Expat health insurance policyholders that suffer from incontinence may wish to visit a doctor or GP for treatment.
This is "not an inevitable part of aging", communications manager for the Bladder and Bowel Foundation Gill Turton argued.
Although people are more likely to be affected by this ailment as they get older, individuals of both genders and of any age can be affected, she continued.
However, as the body gets worn out over time, problems such as this are more likely to develop.
In the UK, which has a population of around 62 million, 14 million have an issue with their bladder while 6.5 million are affected by bowel trouble and "that's conservative", the expert declared.
Throughout the developed world, as many as 50 million people could unintentionally pass urine, according to the UK's health service (NHS).
It can occur when a person is stressed, such as when they laugh or cough, as this puts their bladder under pressure.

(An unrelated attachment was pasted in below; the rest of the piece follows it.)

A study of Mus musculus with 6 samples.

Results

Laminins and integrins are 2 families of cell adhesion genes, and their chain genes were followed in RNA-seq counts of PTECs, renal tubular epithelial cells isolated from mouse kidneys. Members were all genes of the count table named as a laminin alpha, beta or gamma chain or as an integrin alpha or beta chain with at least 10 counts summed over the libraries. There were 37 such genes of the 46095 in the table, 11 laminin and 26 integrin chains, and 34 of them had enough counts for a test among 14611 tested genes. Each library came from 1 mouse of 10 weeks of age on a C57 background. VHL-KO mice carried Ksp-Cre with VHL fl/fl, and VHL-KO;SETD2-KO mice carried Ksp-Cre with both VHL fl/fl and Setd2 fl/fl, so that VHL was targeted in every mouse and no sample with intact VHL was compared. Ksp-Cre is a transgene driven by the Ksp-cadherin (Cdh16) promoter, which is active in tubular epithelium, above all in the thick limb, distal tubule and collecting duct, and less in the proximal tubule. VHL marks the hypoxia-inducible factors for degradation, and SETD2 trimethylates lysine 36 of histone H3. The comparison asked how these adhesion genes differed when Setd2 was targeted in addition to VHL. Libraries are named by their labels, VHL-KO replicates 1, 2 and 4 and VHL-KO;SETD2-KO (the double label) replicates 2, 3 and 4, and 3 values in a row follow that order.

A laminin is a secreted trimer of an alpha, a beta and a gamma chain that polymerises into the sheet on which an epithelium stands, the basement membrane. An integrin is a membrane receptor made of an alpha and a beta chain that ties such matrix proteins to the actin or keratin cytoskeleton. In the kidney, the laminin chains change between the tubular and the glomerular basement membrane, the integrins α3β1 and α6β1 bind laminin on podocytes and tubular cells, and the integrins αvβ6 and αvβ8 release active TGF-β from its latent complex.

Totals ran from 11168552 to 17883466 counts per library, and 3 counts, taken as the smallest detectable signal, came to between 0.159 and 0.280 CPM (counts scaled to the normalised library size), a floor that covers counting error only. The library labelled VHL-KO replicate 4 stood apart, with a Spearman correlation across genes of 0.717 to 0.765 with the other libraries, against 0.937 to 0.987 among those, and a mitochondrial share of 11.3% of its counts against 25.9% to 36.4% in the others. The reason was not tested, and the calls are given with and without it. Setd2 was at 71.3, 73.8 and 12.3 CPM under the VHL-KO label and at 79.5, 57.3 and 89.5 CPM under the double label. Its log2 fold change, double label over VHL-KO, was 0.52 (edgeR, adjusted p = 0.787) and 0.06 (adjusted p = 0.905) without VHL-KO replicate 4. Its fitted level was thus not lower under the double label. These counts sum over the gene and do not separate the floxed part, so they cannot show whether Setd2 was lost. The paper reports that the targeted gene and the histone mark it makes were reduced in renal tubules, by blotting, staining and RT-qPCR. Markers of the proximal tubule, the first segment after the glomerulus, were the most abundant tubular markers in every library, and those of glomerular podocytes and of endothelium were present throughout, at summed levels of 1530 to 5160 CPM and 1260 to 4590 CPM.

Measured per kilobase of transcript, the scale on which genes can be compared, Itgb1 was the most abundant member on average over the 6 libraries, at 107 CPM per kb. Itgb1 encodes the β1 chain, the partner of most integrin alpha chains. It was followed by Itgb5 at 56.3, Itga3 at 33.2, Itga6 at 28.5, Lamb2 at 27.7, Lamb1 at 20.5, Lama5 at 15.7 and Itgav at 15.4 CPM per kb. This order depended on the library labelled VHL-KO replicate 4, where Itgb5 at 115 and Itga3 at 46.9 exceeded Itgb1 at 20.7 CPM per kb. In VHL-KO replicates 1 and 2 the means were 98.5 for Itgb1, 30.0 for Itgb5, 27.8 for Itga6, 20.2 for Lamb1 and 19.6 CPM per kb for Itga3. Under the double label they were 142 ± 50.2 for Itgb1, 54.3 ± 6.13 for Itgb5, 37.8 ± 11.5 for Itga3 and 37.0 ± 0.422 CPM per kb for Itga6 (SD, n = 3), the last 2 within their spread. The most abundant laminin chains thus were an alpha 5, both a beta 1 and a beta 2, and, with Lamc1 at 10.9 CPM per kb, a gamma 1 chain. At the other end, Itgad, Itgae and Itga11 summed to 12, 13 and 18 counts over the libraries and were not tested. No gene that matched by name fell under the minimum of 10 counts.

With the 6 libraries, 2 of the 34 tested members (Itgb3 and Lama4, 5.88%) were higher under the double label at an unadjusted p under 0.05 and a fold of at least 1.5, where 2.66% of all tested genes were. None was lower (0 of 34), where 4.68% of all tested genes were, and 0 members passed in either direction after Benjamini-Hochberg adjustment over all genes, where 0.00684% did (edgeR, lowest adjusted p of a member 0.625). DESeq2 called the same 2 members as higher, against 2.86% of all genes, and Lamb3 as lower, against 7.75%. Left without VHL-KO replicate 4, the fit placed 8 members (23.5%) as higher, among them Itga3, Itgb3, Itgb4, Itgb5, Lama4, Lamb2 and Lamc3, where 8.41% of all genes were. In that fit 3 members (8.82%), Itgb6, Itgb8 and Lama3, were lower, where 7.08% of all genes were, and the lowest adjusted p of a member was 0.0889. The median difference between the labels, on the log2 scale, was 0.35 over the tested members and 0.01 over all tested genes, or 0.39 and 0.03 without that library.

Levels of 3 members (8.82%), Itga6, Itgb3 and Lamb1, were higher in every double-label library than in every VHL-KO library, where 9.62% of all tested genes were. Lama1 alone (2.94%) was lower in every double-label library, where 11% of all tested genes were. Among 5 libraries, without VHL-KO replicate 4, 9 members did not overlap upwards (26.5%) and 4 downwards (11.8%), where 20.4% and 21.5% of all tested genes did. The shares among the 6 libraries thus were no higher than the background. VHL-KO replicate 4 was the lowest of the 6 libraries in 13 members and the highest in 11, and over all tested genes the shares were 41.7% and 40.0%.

Other individuals can be incontinent when they get the urge to go to the toilet or immediately after this.
Many cases involve a mixture of these two risk factors and around ten per cent relate to neither, the NHS claims.
Ms Turton advised members of the public noticing symptoms of pelvic floor weakness to get help from a medical practitioner "in all cases".
There are products and innovations now available that can cure many symptoms and manage others, which may improve an individual's lifestyle.
She noted: "One of the big impacts of bladder and bowel problems is a reduction in quality of life."
Many sufferers are embarrassed about their problem and are reluctant to seek assistance or advice, but they could notice significant improvements if they did, the expert pointed out.
"If you have a problem, don't suffer in silence, speak to somebody because there are lots of things that can be done to help you," Ms Turton concluded.